Under-fire Colombian President Ivan Duque, the target of days of unprecedented anti-government protests, on Sunday opened a national dialogue aimed at assuaging popular anger, even as activists called for a major new protest.
Demonstrations continued in the capital Bogota, and in Medellin and Cali. While those protests were smaller than previous days, a major trade union called for a massive march on Monday.
Duque, a conservative who is deeply unpopular just 18 months after his election, "initiated the social dialogue" with mayors and other officials on Sunday afternoon, the presidency said in a statement.
Duque outlined "the progress and the challenges facing his government" and listened to the views of mayors on health, education, infrastructural and peace issues in their cities, the statement said.
"We are assessing the situation and the urgent needs of the municipalities and cities, and the plans they have," Duque tweeted, without referring to the demands of protesters.
The president appointed a senior official in his administration, Diego Molano, as national coordinator of the consultations, which will run for several months.
The initial talks at the Casa Narino presidential palace involved 24 incoming mayors elected in municipal polls last month, including those of Bogota, Cali and Medellin, the cities at the center of the protests.
The president had proposed the talks on Friday in response to nationwide protests a day earlier that descended into violence, leaving three dead.
Molano said Colombians would be given until March 15 next year to present proposals around five main themes of concern to the demonstrators: the fight against corruption, bolstering public education, equitable economic growth, management of the 2016 peace deal and the environment.
Bogota Mayor Claudia Lopez questioned the focus of the dialogue after the meeting, however, and challenged Duque to speak to protesters.
The dialogue was "not about explaining government policies in more depth and communicate them better," she said.
"No, the dialogue has to be to humbly recognize mistakes, make changes and make concessions, otherwise it will not be a dialogue that leads to anything concrete but to more frustrations."
- Demos continue -
Demonstrations continued Sunday in Bogota, Medellin and Cali, though much smaller than in previous days.
The demands of protesters include a crackdown on drug trafficking and violence, more flexible labor market conditions, and improved retirement benefits.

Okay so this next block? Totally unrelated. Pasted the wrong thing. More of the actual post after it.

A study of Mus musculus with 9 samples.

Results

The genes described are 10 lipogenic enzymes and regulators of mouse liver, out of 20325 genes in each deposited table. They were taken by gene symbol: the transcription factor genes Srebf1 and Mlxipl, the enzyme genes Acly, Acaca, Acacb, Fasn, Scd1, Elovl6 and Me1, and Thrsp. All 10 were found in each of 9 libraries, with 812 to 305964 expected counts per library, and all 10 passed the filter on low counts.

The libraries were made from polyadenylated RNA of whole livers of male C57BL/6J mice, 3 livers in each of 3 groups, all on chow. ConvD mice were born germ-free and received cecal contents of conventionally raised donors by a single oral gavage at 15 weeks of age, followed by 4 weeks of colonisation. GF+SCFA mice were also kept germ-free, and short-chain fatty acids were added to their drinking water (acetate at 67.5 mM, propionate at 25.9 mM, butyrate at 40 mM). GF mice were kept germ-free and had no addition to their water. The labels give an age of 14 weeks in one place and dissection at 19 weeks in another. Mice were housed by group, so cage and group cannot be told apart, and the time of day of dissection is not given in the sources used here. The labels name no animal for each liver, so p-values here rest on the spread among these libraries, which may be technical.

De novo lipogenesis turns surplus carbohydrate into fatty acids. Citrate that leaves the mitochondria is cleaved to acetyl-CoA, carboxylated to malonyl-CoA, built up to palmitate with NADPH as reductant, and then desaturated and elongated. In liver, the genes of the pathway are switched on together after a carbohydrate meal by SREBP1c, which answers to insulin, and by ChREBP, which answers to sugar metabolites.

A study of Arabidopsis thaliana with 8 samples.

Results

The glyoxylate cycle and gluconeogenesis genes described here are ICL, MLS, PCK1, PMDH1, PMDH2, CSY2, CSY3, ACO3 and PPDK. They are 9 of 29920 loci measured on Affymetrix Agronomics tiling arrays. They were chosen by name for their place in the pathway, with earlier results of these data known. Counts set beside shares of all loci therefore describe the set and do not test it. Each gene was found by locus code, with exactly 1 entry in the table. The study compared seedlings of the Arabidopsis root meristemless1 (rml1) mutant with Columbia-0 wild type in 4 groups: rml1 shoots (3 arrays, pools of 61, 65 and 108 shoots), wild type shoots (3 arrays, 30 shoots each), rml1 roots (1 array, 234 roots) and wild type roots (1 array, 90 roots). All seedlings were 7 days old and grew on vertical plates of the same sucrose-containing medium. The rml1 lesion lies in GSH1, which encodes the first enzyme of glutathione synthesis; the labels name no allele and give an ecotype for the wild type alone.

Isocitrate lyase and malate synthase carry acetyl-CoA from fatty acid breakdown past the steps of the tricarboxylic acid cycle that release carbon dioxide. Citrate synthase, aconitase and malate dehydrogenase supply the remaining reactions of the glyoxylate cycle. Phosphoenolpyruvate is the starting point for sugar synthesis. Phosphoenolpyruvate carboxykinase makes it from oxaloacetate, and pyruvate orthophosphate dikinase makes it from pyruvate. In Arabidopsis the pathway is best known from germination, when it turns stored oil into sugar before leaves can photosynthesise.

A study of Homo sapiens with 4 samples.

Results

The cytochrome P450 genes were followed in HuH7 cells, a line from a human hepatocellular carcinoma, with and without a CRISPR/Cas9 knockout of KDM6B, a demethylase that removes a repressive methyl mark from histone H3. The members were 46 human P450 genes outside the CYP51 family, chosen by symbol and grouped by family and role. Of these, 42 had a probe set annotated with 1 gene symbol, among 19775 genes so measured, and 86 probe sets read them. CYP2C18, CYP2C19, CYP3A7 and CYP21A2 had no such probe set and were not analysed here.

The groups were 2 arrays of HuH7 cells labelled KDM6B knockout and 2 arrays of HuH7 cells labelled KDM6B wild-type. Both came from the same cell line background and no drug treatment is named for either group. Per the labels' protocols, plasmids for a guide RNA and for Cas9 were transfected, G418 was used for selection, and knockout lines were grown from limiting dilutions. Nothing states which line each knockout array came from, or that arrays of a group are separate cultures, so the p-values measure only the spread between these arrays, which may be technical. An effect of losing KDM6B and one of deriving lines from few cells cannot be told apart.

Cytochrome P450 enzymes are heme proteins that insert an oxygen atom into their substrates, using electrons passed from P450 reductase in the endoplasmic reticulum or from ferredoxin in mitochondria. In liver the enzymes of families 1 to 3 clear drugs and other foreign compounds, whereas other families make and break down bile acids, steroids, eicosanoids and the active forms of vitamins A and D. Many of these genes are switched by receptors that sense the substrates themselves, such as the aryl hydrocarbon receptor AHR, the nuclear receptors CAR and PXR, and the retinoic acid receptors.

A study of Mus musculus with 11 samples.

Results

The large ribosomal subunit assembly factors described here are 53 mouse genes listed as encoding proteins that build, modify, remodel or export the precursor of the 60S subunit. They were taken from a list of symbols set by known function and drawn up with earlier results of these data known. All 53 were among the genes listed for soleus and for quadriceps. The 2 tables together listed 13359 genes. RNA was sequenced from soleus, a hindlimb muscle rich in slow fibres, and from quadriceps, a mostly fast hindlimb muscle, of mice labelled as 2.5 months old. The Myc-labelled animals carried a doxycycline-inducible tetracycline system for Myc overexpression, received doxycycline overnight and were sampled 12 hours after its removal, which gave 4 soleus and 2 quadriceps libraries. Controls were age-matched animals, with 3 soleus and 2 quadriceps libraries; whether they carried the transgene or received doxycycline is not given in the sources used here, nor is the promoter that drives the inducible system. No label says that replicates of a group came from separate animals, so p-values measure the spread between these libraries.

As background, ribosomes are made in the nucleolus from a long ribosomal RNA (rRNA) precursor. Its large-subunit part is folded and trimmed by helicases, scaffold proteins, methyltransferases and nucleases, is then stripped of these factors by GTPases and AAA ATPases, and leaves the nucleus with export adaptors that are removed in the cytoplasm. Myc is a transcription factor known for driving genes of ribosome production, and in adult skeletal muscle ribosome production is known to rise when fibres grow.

As the talks began in Bogota, the Central Union of Workers (CUT) called for further demonstrations throughout the country on Monday, to coincide with the international day of non-violence against women.
Duque said he would meet Monday with the ministers of finance, labor and trade, along with representatives of business owners and workers, while dialogue with "different social sectors" would take place during the week.
"The head of state is seeking to establish a close relationship that allows the national government to work as a team with mayors and elected governors, as well as their administrations," Sunday's presidency statement said.
The 43-year-old conservative has been criticized for his economic, social and security policies.
His administration also has to deal with hosting 1.4 million refugees fleeing neighboring Venezuela's economic meltdown, and the complex fallout of a 2016 peace deal with FARC rebels.
Hundreds of thousands of demonstrators marched in Bogota and other cities on Thursday as part of a nationwide general strike.
There were arrests and clashes as trade unions, students, opposition parties and the South American country's indigenous organizations vented their anger.
Three people have died and nearly 300 were wounded in the unrest.
There were further demonstrations on Friday and Saturday, and hundreds of people defied a curfew in the capital -- the first imposed since 1977 -- to converge in front of Duque's home, singing the national anthem and banging pots and pans for an hour.
In Bogota, some 13,000 soldiers and riot police have been deployed to keep watch over sensitive neighborhoods in the city of seven million.